1965 and All That: Federal Laws That Increase Population and Illegal Immigration


An NPG Forum Paper
by Edwin S. Rubenstein

The U.S. has never had a formal population policy – has never tried to directly limit population growth or fertility rates. Any such policy would likely start with constraints on groups with the highest fertility rates: the poor, the poorly educated, minorities, and immigrants. The politics of such a move would be daunting. Charges of racism, elitism, and government meddling in a decision best left to husband and wife, are unavoidable. Government interference in these matters is simply un-American.

Yet the same groups opposed to direct population controls are staunch advocates of Federal policies that do the opposite: increase fertility and population growth. This paper examines three of them: the 1965 Immigration Act, the Earned Income Tax Credit, and the Emergency Medical Treatment and Active Labor Act. (EMTALA). These programs were not designed with population growth in mind. They achieve that result indirectly, by promoting family reunification, paying cash benefits that rise with family size, and offering free medical care to illegal aliens. Each has made a profound impact on the size and demographics of their target populations.


“The bill that we sign today is not a revolutionary bill. It does not affect the lives of millions. It will not reshape the structure of our daily lives, or really add importantly to either our wealth or our power…The days of unlimited immigration are past.” – President Lyndon B. Johnson at the signing ceremony, October 3, 1965.

“[O]ur cities will not be flooded with a million immigrants annually. Under the proposed bill, the present level of immigration remains substantially the same…Secondly, the ethnic mix of the country will not be upset….”1 Senator Edward Kennedy (D-MA), the bill’s floor manager in 1965.

“Total quota immigration is now 156,782; under the proposed bill it would rise to 164,482.”2 – Senator Robert F. Kennedy (D-NY).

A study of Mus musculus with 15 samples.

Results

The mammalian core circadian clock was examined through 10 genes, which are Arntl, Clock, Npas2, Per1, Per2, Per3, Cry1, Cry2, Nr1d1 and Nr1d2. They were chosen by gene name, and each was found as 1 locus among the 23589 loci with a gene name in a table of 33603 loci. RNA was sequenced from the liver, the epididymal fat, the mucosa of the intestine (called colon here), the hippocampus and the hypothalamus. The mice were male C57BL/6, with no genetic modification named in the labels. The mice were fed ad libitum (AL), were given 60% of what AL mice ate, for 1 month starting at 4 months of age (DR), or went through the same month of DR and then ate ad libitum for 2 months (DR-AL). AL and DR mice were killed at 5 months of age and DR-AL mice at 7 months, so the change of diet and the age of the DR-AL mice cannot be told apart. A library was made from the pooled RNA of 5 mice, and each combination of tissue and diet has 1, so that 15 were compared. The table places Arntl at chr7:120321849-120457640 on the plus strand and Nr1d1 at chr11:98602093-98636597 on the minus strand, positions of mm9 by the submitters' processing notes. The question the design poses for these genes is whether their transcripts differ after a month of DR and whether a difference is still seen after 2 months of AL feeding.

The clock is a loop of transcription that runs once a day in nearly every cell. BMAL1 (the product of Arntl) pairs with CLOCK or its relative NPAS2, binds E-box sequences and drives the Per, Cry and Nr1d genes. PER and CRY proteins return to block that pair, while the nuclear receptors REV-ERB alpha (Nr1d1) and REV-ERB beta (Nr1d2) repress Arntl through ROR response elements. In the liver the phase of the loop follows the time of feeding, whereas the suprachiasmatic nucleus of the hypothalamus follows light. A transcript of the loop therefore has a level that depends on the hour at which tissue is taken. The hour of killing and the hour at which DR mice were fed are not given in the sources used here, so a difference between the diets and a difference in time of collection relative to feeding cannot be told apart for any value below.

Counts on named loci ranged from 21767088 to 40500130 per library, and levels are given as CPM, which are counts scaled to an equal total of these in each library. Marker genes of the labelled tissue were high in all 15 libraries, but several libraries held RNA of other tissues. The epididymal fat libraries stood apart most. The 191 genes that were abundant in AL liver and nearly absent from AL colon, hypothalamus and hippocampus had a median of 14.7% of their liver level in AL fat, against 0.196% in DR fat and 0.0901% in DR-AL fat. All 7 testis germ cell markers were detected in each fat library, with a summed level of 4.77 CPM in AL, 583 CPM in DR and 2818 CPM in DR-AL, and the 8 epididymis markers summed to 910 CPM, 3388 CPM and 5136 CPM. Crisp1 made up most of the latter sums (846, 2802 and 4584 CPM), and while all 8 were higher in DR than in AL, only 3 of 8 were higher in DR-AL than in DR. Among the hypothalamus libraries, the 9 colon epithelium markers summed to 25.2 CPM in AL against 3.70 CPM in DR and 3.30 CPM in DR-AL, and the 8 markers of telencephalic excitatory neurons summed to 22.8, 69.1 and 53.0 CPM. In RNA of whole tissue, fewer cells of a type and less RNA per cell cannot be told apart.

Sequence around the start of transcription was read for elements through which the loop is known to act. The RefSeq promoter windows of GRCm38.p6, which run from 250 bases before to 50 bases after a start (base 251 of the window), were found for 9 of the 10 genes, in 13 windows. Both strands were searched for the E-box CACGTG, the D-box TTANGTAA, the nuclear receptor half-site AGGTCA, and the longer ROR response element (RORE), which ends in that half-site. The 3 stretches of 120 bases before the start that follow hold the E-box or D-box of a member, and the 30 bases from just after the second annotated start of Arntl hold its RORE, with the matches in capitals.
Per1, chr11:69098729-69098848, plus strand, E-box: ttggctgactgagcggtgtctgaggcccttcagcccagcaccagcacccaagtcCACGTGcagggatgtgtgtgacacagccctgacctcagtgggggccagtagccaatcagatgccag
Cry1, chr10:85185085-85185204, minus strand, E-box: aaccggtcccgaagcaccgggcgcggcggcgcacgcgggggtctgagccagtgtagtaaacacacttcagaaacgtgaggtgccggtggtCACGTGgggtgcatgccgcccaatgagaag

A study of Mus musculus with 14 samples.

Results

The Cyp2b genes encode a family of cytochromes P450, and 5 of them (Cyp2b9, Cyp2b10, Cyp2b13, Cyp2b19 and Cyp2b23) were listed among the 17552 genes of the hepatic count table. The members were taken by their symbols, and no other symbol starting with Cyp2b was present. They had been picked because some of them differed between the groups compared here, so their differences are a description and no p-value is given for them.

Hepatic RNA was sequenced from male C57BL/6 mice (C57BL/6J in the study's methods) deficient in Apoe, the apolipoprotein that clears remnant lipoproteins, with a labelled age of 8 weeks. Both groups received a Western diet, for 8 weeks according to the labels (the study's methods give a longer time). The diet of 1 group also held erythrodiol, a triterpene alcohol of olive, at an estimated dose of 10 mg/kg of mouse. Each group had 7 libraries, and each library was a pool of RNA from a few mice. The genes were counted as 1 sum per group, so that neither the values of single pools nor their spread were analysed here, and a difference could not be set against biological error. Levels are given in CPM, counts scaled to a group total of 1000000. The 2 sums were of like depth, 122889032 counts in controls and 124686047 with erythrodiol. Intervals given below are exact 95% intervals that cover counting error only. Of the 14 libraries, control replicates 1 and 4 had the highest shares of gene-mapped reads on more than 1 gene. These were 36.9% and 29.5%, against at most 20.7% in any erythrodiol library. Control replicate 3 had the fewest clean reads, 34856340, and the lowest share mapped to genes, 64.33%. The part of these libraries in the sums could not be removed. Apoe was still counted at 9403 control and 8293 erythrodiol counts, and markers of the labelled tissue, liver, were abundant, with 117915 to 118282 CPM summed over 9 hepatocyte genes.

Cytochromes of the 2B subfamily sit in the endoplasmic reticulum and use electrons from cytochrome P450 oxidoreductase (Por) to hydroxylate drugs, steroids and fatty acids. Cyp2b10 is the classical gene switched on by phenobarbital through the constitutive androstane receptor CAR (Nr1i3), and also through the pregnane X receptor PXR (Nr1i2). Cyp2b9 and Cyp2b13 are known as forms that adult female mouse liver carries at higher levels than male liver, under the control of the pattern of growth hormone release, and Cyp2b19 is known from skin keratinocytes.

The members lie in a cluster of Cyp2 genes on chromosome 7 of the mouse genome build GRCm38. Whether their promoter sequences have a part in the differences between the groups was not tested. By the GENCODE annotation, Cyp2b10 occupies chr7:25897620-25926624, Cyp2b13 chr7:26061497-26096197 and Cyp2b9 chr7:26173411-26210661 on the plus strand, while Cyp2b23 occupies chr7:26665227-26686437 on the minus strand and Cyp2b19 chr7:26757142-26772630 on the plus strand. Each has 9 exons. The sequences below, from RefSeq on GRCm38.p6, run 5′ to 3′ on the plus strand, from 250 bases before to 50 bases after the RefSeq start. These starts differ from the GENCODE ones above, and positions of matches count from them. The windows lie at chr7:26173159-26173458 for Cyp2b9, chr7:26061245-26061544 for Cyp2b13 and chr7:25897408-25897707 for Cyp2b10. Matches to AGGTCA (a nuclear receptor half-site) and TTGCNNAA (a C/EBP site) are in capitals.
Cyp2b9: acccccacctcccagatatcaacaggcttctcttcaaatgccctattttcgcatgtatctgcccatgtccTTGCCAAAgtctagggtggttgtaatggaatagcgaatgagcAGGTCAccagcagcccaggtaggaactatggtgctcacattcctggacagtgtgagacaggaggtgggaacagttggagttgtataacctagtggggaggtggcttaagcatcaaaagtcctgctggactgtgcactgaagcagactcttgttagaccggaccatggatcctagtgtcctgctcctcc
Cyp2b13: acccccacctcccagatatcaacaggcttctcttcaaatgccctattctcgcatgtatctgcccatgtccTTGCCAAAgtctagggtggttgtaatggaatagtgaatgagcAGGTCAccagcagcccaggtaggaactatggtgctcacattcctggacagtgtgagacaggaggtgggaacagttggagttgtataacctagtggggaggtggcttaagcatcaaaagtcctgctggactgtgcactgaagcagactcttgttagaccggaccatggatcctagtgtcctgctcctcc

The 1965 Immigration Act literally changed the face of America. It gave rise to an era of mass immigration – both legal and illegal – and unleashed demographic forces that radically changed the size and composition of U.S. population. When the law was being debated, however, these mega trends were beyond the imagination of lawmakers. It was the height of the civil rights movement. The historical significance of the new law lay primarily in that it would replace the national origins quotas that had been in place since the 1920s.

The 1921 National Origins Act capped annual immigration for each country at 2% of a country’s immigrant population in the 1890 Census. The formula was designed to favor Western and Northern European immigrants at the expense of those from Southern and Eastern Europe, where most post-1890 immigrants came from. For this reason, the 1921 legislation is widely called “racist.”
From the perspective of 2018, the most persuasive evidence that this law was color blind is the absence of any numerical limit on immigrants from Mexico or any other Western Hemisphere country. It created a de facto open border regime, under which a Mexican could purchase a U.S. visa (for 5 cents) and enter legally.3 American employers hired plenty of them. But the need for such labor was attenuated, in part because the government “safety net” was, by today’s standards, rudimentary – available only for natives who were genuinely unable to work. Under these circumstances, there are few jobs that Americans “do not want to do.”[…]


Ed Rubenstein, Director of Research for NPG and president of ESR Research, is an experienced business researcher, financial analyst, and economics journalist. He has written extensively on federal tax policy, government waste, the Reagan legacy, and – most recently – on immigration. He is the author of two books: The Right Data (1994) and From the Empire State to the Vampire State: New York in a Downward Transition (with Herbert London). His essays on public policy have appeared in The Wall Street Journal, The New York Times, Harvard Business Review, Investor’s Business Daily, Newsday, and National Review. His TV appearances include Firing Line, Bill Moyers, McNeil-Lehr, CNBC, and Debates-Debates. Mr. Rubenstein has a B.A. from Johns Hopkins and a graduate degree in economics from Columbia University.